In this activity learners work in pairs or small groups to apply knowledge of energy-wise habits to evaluate energy use in their school and make recommendations for improved efficiency. Students create and use an energy audit tool to collect data and present recommendations to their class. Further communication at the school and district level is encouraged.

In this activity students trace the sources of their electricity, heating and cooling, and other components of their energy use though the use of their family's utility bills and information from utility and government websites.

In this video, students explore the work of Jay Keasling, a synthetic biologist experimenting with ways to produce a cleaner-burning fuel from biological matter, using genetically modified microorganisms.

In this short video from ClimateCentral, host Jessica Harrop explains what evidence scientists have for claiming that recent global warming is caused by humans and is not just part of a natural cycle.

In this lab activity students generate their own biomass gases by heating wood pellets or wood splints in a test tube. They collect the resulting gases and use the gas to roast a marshmallow. Students also evaluate which biomass fuel is the best by their own criteria or by examining the volume of gas produced by each type of fuel.

In this video, several scientists identify and describe examples of increasing health problems that they believe are related to climate change.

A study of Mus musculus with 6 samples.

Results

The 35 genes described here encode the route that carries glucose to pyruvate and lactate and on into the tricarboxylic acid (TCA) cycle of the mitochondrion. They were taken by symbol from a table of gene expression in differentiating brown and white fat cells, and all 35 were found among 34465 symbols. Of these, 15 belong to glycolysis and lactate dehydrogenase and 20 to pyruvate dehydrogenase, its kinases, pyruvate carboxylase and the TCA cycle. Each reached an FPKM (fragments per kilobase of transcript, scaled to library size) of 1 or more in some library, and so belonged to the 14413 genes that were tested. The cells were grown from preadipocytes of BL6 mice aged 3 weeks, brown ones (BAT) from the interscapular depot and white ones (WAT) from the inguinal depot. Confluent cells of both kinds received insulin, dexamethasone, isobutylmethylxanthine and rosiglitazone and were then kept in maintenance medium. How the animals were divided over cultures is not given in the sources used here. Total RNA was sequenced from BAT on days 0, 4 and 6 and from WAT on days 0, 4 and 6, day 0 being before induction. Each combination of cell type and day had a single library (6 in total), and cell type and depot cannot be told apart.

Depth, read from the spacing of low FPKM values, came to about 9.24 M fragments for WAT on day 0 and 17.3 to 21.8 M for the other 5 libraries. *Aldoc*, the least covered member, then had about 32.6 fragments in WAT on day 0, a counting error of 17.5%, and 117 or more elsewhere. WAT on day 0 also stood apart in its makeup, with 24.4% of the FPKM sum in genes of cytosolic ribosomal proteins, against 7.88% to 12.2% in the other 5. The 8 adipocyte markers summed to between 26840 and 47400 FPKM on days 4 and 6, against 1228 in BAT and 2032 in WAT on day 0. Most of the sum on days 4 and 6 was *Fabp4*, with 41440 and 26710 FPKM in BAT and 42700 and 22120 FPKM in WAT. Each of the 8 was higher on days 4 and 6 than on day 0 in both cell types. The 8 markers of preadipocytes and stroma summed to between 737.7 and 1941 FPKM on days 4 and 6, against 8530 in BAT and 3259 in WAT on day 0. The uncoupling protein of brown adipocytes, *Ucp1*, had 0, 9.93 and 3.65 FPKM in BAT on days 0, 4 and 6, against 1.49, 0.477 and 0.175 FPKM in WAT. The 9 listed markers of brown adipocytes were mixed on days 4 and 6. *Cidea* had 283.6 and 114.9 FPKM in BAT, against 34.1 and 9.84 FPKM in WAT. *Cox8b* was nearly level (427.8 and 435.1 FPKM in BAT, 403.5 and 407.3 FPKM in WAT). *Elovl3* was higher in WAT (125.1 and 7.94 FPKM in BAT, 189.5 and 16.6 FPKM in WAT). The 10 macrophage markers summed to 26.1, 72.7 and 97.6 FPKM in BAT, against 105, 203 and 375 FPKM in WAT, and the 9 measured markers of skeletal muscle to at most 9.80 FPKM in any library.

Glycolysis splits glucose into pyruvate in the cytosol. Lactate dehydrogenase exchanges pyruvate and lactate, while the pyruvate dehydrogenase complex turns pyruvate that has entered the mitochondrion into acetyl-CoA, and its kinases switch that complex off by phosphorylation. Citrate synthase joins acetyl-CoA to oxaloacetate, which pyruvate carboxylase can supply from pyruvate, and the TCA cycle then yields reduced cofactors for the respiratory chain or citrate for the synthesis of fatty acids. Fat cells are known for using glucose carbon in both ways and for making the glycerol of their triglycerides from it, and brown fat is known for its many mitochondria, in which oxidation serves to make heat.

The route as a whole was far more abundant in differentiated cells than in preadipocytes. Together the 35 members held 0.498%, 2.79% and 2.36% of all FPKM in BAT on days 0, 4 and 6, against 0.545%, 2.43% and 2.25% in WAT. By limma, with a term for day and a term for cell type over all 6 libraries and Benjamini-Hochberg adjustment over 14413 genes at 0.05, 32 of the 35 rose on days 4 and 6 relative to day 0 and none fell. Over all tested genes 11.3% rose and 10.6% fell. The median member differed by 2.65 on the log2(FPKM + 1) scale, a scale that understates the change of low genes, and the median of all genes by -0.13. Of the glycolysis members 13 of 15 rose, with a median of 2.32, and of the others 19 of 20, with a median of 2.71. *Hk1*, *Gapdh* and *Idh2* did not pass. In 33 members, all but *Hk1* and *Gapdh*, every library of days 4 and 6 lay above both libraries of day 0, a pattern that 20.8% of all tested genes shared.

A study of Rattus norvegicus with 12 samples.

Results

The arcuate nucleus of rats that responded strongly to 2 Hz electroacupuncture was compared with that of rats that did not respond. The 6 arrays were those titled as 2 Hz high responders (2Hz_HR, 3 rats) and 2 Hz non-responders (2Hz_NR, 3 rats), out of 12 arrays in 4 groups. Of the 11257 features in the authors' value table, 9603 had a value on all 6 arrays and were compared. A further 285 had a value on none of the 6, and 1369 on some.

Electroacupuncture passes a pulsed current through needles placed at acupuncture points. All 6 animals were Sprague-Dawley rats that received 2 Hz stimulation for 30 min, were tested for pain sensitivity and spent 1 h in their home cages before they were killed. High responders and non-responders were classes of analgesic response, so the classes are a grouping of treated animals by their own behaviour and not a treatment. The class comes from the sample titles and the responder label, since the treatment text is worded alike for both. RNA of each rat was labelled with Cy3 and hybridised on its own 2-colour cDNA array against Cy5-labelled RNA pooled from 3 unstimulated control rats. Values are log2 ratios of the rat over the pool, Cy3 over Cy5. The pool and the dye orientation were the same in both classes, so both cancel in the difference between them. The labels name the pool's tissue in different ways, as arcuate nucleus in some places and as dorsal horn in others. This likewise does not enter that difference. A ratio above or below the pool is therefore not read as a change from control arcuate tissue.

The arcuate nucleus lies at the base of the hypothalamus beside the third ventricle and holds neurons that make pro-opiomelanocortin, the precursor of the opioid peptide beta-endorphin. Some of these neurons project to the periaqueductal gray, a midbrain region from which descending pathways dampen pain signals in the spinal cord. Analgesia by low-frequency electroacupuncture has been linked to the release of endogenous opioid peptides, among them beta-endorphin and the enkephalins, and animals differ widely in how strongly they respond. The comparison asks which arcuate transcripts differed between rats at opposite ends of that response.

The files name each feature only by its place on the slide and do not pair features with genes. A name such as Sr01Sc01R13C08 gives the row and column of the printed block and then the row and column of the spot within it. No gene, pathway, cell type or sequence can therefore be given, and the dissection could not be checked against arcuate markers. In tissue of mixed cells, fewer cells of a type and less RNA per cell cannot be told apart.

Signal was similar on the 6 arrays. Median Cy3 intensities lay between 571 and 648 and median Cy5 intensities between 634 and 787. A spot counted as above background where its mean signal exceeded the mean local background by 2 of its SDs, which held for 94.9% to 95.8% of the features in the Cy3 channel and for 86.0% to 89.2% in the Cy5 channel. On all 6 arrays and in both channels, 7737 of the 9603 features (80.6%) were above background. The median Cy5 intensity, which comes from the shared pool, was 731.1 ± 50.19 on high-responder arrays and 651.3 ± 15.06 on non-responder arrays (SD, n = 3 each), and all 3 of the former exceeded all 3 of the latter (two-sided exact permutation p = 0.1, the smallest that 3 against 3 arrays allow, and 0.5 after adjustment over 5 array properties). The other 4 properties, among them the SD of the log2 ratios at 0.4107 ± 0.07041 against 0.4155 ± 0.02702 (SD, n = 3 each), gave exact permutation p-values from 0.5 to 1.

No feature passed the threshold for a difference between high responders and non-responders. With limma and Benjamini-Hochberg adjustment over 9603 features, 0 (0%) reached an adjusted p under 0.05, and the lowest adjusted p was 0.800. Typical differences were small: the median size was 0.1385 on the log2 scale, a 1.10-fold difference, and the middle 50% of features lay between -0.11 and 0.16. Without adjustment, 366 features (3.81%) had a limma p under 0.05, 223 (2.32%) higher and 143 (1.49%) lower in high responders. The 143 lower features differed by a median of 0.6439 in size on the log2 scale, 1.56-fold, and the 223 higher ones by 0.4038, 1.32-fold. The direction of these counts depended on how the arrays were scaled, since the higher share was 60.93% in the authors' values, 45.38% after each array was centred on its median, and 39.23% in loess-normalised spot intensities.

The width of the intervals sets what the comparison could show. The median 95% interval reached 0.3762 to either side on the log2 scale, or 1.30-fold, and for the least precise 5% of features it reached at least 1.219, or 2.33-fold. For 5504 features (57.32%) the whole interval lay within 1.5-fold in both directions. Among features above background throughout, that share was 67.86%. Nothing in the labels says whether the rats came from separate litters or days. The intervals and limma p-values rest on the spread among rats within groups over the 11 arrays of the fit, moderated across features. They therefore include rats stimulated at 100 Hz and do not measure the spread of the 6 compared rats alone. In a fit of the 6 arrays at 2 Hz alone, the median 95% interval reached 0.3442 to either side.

In this visualization students can explore North American fossil fuel CO2 emissions at very fine space and time scales. The data is provided by the Vulcan emissions data project, a NASA/DOE funded effort under the North American Carbon Program (NACP).

This homework problem introduces students to Marcellus shale natural gas and how an unconventional reservoir rock can become an attractive hydrocarbon target. It is designed to expand students' understanding of hydrocarbon resources by introducing an unconventional natural gas play. Students explore the technological factors that make conventional source rocks attractive reservoir rocks and how this advance impacts both U.S. energy supply and the environment.

This video is part of the Climate Science in a Nutshell video series. This short video looks at the effects of climate change happening right now around the globe, including: more extreme weather events, droughts, forest fires, land use changes, altered ranges of disease-carrying insects, and the loss of some agricultural products. It concludes with a discussion of the differences among weather, climate variability and climate change.

This interactive map from National Geographic shows selected geographic locations for a number of impacts of global warming (on freshwater resources, food and forests, ecosystems, etc). Impact overview is summarized for each highlighted impact.